17 Jan President Obama Completely Gets it
When President Obama announced his intention to extend the Bush era tax cuts over a month ago, he called a press conference to defend himself against leftist critics who were livid that he was breaking his promises. President Obama was doing the right thing, but there is no more ambiguity that he said he would not extend tax cuts for those in the higher income brackets than there was in the early 1990’s when President Bush Sr. promised he would not raise them. I have been meaning to write about something President Obama saidf at that press conference that I consider to be vitally important, but I have just not gotten to it until now.
It is sad that Obama felt the need to defend himself for doing something so indisputably right. Increasing the tax burden on any income level of citizens during a recession is utter stupidity, and Obama’s major economic influences all knew it. They all told him so. This was a totally non-controversial move. However, sound economics is not the top priority of this administration, and it certainly is not the top priority of the far left (I do not say that as a low blow or ad hominem attack; I believe I am representing them very accurately). No, “class warfare” is of greater priority to the left than economic growth. Obama has telegraphed this both purposely and accidentally since the 2008 campaign. The left was upset at Obama because they believed he was violating their key tenet that economic fairness can be created through redistribution of wealth. I have a hunch the left is about to see a much less ideological and far more political Barack Obama than they have seen so far. Regardless, Obama said something in his press conference that his critics on the left should have taken comfort in, and his critics on the right (me and my friends) should begin taking seriously. For indeed, he hit the nail on the head.
Obama, in mentioning those who were upset with him for ditching the “public option” in his health care bill last year, made a shocking statement (though it would be much more shocking if it were not so true). He said that we had to remember that social security originally covered a very small number of people, but through time they got it to become the default retirement system for the entire country. He said that Medicare when first passed was insignificant in its scope, but now is the largest entitlement program in the world. Obama was not saying this critically; he was saying it cheerfully. President Obama, like anyone who intends to actually have an impact in the things that matter to them, is an incrementalist. He understands, especially when one is dealing with power and authority granted to the federal government that serves the purpose of increasing citizen dependency on the state, that this is a multi-generational game. Advocates of huge government programs do not need to worry about the programs being enacted into law that fall short of the goals they have for them; those programs will grow like a weed in the next decade. History leaves no room for dispute. Obama and his ilk may find this to be comforting. I find it to be cause for great anxiety.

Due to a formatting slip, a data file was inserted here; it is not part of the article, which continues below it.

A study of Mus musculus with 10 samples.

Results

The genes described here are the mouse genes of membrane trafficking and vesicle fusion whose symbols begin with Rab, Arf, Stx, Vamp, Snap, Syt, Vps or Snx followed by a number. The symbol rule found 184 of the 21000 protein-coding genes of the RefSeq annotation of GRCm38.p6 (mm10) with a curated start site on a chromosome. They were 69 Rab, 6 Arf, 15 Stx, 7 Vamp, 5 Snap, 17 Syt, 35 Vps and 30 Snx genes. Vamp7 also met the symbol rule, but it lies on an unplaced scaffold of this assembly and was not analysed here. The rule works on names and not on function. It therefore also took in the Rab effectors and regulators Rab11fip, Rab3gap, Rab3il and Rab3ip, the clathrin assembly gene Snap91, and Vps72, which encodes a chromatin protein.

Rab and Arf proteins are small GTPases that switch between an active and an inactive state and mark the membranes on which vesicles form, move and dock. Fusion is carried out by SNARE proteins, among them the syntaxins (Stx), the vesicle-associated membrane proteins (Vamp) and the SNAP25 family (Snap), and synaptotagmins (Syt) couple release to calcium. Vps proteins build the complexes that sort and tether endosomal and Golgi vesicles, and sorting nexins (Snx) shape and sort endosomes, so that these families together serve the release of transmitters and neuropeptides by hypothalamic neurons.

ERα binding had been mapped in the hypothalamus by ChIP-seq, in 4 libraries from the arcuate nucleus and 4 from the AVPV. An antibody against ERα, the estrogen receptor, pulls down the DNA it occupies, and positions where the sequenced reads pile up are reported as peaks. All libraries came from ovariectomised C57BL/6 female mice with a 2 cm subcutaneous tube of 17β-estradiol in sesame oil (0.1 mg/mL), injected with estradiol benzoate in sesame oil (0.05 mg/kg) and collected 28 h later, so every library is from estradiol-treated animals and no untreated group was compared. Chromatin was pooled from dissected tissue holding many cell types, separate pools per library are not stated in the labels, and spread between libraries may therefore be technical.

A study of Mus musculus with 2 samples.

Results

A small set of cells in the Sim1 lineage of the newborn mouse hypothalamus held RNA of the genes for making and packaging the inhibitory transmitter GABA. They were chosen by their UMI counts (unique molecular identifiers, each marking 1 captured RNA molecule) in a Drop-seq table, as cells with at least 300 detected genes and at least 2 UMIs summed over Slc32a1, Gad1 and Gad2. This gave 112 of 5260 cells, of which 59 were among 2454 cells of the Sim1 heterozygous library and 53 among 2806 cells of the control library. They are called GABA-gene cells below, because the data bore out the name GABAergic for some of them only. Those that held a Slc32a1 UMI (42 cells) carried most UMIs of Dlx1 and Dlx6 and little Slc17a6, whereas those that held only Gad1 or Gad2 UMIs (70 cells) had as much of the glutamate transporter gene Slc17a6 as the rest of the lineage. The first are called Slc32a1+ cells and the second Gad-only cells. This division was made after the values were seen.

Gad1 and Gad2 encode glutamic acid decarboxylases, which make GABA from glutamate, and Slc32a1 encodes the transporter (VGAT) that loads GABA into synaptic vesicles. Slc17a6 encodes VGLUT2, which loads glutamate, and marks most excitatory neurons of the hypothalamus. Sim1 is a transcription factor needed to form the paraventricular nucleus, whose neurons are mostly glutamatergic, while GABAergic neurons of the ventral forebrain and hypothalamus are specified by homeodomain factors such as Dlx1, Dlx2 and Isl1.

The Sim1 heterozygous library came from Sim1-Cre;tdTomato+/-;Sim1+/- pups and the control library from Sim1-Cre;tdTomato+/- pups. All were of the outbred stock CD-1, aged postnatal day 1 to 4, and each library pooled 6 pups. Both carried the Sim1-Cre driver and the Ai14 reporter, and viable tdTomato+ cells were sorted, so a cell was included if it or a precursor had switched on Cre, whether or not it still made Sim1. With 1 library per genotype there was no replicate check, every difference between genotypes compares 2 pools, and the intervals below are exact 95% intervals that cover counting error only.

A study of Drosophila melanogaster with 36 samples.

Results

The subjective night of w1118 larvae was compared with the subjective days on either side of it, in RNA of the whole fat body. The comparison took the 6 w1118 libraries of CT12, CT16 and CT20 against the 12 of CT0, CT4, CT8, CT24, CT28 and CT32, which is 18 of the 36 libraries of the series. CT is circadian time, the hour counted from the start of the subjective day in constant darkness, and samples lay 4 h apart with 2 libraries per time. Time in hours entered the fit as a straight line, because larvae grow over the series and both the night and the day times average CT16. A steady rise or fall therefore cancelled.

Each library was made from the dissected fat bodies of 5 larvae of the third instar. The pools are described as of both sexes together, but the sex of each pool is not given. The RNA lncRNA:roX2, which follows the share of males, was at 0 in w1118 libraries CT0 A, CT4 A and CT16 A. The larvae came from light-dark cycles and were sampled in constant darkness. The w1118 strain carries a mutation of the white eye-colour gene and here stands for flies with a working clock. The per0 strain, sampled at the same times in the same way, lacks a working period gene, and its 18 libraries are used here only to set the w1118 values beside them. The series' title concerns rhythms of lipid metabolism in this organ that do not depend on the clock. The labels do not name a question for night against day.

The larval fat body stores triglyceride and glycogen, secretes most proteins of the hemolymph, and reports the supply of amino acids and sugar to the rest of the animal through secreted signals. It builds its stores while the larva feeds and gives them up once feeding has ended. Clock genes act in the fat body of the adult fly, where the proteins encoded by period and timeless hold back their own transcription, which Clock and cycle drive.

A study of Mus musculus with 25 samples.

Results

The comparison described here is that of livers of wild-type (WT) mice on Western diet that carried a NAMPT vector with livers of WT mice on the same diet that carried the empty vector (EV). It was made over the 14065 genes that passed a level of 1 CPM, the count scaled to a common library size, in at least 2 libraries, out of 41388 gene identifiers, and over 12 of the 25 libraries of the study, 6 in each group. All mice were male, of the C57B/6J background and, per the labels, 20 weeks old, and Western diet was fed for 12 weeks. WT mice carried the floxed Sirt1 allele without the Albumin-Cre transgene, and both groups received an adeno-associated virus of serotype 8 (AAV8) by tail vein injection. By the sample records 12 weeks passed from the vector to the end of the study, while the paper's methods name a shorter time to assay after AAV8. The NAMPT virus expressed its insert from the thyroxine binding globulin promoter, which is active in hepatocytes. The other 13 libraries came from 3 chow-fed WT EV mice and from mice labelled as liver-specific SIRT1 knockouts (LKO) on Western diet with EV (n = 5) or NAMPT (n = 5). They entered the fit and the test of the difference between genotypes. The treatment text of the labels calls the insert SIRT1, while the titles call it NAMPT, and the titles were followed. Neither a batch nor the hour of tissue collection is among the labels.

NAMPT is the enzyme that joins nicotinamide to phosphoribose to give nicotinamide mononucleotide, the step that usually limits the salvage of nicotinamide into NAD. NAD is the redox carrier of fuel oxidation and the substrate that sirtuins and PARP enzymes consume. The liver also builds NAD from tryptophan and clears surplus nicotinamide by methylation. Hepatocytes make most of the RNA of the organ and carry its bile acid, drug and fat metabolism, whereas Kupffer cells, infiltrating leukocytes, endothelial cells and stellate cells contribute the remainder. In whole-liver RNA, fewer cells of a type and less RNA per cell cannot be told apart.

The right also will only make generational impact through long term persepctive and truly incremental strategy. President Reagan enacted the largest tax cuts in American history in 1982, and to this day the notion of increasing the marginal income rates is nearly impossible politically. Reagan’s rates were dramatically lower than his predecessor’s, but they were substantially higher than they are now. We have been successful in incrementally cutting, and keeping low, the tax rates.
We must be aware of the incremental hope the left has – a hope rooted in their undying confidence that eventually the people will give up and beg the elites for help – and tactically fight against it. But we also must develop our own incrementalism, one that slowly but surely breaks down the entitlement system we have now. One that eventually ushers in comprehensive tax reform. One that intelligently pursues an improved national energy policy. The right may or may not believe that incremental efforts will pay off. But it matters now what we believe or don’t believe: The President and the left know full well that they will. The issue is not going to be “incrementalism, or nno incrementalism”. It is going to be: Whose incrementalism?